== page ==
New guidance on how the Equality Act 2010 affects charities is urgently needed because of growing fears that existing restrictions on beneficiary classes might become unlawful, a group of charity lawyers has warned.
A working party of the Charity Law Association, chaired by Julian Smith of Farrer & Co, gave the warning in its response to the Equality and Human Rights Commission's consultation on draft codes of practice and guidance to support the implementation of the act. The act was passed by MPs during the pre-election ‘wash-up' period, immediately before Parliament was dissolved.
Under existing equality legislation, most of which is replaced by the new act, charities have typically relied on exemptions that allow them to restrict their beneficiary classes on the basis of a "charitable instrument", usually interpreted as a governing document or the terms of a restricted donation.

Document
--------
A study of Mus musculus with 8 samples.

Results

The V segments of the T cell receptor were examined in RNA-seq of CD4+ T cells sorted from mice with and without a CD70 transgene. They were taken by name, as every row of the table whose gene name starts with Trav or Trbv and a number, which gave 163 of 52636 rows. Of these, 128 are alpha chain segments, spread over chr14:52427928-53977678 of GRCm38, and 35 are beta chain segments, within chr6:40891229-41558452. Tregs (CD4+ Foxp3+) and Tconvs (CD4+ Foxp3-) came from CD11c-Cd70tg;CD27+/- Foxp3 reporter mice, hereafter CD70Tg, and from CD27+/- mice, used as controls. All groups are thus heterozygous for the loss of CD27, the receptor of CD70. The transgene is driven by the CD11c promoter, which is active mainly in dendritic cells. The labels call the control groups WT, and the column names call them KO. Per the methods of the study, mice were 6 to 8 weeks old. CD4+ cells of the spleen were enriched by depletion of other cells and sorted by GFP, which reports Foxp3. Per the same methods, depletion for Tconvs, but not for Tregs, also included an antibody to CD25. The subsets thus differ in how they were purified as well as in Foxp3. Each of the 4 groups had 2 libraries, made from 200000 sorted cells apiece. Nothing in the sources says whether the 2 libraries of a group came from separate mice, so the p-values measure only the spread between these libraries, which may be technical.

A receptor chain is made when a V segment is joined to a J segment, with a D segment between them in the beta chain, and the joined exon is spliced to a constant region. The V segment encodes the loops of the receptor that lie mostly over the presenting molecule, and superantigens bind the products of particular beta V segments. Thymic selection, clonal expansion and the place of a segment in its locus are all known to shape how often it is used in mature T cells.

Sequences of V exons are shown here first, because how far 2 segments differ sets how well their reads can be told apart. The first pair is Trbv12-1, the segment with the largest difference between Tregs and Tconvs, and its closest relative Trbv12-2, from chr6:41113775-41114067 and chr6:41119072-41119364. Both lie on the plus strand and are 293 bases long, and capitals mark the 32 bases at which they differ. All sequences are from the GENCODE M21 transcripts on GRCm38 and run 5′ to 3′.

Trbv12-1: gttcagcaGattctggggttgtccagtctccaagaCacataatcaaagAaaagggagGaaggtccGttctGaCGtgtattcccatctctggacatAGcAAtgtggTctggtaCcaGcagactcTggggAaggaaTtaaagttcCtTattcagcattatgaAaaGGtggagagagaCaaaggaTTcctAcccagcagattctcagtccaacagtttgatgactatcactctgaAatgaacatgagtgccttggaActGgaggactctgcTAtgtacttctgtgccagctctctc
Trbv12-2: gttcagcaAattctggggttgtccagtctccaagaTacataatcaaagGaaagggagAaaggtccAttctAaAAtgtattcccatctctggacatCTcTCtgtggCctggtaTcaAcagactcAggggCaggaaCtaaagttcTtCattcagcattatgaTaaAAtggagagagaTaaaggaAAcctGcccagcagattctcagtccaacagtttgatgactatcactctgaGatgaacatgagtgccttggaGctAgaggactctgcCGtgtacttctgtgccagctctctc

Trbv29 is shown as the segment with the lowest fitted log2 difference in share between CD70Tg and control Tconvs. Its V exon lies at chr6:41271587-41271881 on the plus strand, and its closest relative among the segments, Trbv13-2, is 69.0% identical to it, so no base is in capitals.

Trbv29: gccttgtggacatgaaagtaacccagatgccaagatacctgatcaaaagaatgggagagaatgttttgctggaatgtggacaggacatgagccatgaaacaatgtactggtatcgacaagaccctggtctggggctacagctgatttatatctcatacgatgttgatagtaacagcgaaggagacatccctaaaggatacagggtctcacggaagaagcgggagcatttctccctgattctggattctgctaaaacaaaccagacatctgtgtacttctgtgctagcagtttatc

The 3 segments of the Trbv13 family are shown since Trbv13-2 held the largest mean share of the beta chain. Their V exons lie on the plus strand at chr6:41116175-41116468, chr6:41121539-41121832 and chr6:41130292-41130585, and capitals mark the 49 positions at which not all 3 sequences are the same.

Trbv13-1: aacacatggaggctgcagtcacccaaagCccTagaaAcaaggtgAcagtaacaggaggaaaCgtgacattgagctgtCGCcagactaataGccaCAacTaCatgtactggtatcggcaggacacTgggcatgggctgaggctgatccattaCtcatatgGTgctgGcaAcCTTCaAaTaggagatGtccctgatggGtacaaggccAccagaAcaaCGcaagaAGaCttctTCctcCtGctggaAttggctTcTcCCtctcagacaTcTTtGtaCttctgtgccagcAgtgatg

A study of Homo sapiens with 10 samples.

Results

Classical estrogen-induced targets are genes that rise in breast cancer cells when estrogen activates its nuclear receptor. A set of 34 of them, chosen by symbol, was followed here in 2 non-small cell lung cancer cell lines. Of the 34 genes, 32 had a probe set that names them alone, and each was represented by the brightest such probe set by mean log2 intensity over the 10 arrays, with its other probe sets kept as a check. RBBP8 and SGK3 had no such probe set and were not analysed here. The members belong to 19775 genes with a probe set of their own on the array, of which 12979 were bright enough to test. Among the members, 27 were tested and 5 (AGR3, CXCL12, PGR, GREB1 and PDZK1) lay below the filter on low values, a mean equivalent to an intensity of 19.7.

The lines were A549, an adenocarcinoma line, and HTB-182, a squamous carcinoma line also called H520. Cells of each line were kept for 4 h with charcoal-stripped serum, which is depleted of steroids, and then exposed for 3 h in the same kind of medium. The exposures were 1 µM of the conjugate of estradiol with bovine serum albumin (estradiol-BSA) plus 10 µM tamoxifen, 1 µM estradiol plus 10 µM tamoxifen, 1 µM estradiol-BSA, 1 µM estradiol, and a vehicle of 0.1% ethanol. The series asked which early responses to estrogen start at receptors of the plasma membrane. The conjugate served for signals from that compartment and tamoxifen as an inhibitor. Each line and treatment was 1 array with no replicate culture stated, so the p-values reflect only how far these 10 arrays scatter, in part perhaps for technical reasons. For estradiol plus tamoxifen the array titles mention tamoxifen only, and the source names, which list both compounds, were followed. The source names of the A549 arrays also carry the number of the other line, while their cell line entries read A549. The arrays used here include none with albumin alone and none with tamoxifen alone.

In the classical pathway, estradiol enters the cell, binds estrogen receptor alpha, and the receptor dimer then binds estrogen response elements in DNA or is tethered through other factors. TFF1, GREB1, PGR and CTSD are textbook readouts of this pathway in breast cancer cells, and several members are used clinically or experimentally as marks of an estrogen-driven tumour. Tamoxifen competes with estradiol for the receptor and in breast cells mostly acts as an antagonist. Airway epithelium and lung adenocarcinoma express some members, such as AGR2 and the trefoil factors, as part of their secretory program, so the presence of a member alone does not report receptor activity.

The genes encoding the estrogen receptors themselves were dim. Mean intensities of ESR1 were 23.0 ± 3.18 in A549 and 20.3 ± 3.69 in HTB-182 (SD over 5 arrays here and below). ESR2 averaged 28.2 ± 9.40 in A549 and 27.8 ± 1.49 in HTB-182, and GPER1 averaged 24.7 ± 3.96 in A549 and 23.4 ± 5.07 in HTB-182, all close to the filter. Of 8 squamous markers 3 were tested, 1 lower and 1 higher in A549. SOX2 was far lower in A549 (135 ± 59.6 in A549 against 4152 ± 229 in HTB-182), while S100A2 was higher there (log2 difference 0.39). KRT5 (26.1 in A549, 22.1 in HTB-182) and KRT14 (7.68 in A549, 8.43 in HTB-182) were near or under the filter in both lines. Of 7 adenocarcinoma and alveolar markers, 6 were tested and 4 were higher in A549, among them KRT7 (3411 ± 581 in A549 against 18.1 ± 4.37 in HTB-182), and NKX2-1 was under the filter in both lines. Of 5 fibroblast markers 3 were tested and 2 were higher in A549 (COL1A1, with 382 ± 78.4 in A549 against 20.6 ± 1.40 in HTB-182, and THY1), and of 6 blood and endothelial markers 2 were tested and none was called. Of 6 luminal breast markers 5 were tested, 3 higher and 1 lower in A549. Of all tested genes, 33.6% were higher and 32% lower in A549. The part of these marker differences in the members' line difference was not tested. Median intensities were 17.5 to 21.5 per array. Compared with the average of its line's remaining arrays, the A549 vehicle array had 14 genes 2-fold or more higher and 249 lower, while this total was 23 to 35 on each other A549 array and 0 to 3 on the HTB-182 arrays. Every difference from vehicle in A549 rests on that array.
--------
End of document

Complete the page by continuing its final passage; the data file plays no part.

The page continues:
But the working party warned that section 193 of the Equality Act, which is expected to come into force in October, also explicitly requires that any restriction be "a proportionate means of achieving a legitimate aim" or "for the purpose of preventing or compensating for a disadvantage".
It said many existing charities might not have articulated the "legitimate aim" of any restrictions who their beneficiaries can be, and some older charities might struggle to identify their legitimate aims. Other charities might not even have previously considered the impact of discrimination legislation at all.
"These charities will need clear guidelines to make them aware of the act and its potential impact on their objects," the lawyers say.
The charities might inundate the Charity Commission with questions or apply unnecessarily to adopt new objects that do not restrict their beneficiary classes. Such widened objects might be difficult to adapt to in practice, the lawyers warned.
They said the Charity Commission should collaborate with the EHRC to produce guidance, particularly on what can constitute a "charitable instrument", "legitimate aim" and "proportionate means". It should also make clear that even if a charity passes the public benefit test it might still fall foul of the Equality Act, they said.